As the Central Competent Authority under Regulation (EC) 882/2004 and its forthcoming replacement Reg (EU) 2017/625, the FSA is responsible for ensuring the UK has sufficient laboratory capacity and capability to deliver official controls on feed and food safety and standards in order to protect public health. This is otherwise known as the UK official food and feed laboratory system.
The number of official laboratories for food and feed has been declining and this has increased concerns about the resilience of UK official food and feed laboratory service capacity and capability. While this situation has been the subject to a number of reviews over time, a formal assessment of the entire laboratory network has never been conducted by government.
At its December 2017 meeting, the FSA Board agreed that a comprehensive review of laboratories was an important priority and that FSA should work jointly with other government departments in this shared area of responsibility. An update of the review’s progress was given in the FSA Chief Executive Report to the Board in March 2019.
A comprehensive review on official laboratories was conducted between September 2018 and March 2019 in a phased approach. The first phase assessed the current capacity and capability of laboratories that provide services to UK Government departments. The second phase assessed the risk in continuing with the current system of delivery of official controls by laboratories and how the current and future risks might be mitigated.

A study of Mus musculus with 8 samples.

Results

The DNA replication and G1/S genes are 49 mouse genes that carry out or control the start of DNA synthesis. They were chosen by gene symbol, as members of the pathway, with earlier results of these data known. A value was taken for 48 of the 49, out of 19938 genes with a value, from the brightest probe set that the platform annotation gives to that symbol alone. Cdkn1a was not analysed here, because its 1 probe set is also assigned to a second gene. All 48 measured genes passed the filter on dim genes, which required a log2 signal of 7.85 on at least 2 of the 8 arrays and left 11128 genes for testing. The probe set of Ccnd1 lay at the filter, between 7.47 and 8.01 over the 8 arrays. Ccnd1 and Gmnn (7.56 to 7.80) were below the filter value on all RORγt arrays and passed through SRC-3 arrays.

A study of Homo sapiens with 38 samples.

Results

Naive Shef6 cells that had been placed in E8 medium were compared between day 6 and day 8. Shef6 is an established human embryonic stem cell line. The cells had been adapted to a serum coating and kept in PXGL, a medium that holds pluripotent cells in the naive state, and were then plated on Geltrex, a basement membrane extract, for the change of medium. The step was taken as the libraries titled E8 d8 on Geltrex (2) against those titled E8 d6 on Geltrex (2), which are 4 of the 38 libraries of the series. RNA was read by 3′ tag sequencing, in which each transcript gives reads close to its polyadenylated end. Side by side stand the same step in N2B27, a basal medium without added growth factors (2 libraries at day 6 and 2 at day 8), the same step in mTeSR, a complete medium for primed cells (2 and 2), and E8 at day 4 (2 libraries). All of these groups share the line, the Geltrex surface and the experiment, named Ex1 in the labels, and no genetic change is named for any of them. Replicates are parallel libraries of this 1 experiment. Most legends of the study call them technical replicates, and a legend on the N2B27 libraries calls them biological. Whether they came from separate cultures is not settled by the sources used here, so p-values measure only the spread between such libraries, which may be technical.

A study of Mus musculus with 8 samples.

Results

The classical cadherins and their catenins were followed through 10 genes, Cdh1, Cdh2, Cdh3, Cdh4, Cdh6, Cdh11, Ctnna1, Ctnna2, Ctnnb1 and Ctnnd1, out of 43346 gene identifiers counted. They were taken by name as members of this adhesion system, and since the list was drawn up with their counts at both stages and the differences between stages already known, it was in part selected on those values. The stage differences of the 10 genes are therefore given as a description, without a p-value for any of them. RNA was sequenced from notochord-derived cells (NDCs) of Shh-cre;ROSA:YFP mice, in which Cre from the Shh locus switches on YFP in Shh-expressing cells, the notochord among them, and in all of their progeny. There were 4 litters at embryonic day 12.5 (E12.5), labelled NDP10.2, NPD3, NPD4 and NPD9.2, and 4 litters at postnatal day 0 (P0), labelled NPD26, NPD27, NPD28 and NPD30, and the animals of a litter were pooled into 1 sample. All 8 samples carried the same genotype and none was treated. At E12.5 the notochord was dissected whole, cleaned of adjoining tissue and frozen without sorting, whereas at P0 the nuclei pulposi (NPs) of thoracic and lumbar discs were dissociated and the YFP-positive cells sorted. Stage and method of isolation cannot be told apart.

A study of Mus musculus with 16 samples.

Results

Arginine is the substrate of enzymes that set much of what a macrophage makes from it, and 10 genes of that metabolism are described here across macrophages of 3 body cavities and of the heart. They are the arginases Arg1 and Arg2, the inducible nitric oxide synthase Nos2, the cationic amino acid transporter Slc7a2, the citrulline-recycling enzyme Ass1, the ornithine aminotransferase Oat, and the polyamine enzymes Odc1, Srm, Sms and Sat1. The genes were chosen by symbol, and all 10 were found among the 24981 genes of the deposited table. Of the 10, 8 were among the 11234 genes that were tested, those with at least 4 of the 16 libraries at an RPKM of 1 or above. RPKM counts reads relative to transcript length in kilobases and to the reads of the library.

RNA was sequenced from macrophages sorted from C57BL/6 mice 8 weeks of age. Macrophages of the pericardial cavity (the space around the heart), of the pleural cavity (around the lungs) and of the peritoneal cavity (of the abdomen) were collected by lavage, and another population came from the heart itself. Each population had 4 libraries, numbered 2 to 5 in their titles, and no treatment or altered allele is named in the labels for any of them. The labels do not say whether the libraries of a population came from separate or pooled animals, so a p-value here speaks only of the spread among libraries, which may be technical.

The Phase 1 review collected information on expertise and methods currently available for food and feed official controls through engagement with various laboratories and a comprehensive questionnaire. It summarised the role of different types of laboratories that provide a service to Government and local authorities for food and feed official controls, reviewed the current capability and capacity of these laboratories and highlighted gaps where improvement was required.
The Phase 2 review assessed the whole enforcement laboratory network by engaging with relevant UK Competent Authorities and wider stakeholders to understand the role each one undertakes in food and feed enforcement. In addition, it undertook a review of international systems for delivering laboratory services to identify areas of best practice. An Expert Panel was also established to provide current knowledge of food and feed enforcement and challenge the findings and conclusions.
The first phase assessed the readiness of UK official control laboratories for EU exit and looked at the capability and capacity of laboratories providing services to the local authorities and UK Government departments.
This concluded that initial laboratory capability and capacity is sufficient for day 1 of EU Exit. Where potential gaps were highlighted in some areas by the review, official control laboratories could resolve these by using their current routes of access to other laboratories in the wider network such as the National Reference Laboratories (NRLs) and other testing laboratories by means of sub-contracting. Under normal enforcement operations, these tests are available and will continue to be for Day 1 of EU Exit.
The second phase concluded that whilst the current system has sufficient laboratory capability and capacity, it is highly fragmented, with complex funding structures, resulting in a lack of central accountability and causing inefficiency.
It lacks coordination between different Government Bodies (Central Competent Authorities), resulting in variations between the direction given to different parts of the network. Additionally, there is no national strategy for food/feed sampling and testing and for data sharing;
A report on FSA’s vision for the future UK official food and feed laboratories will be presented at its Board meeting on 18th September 2019.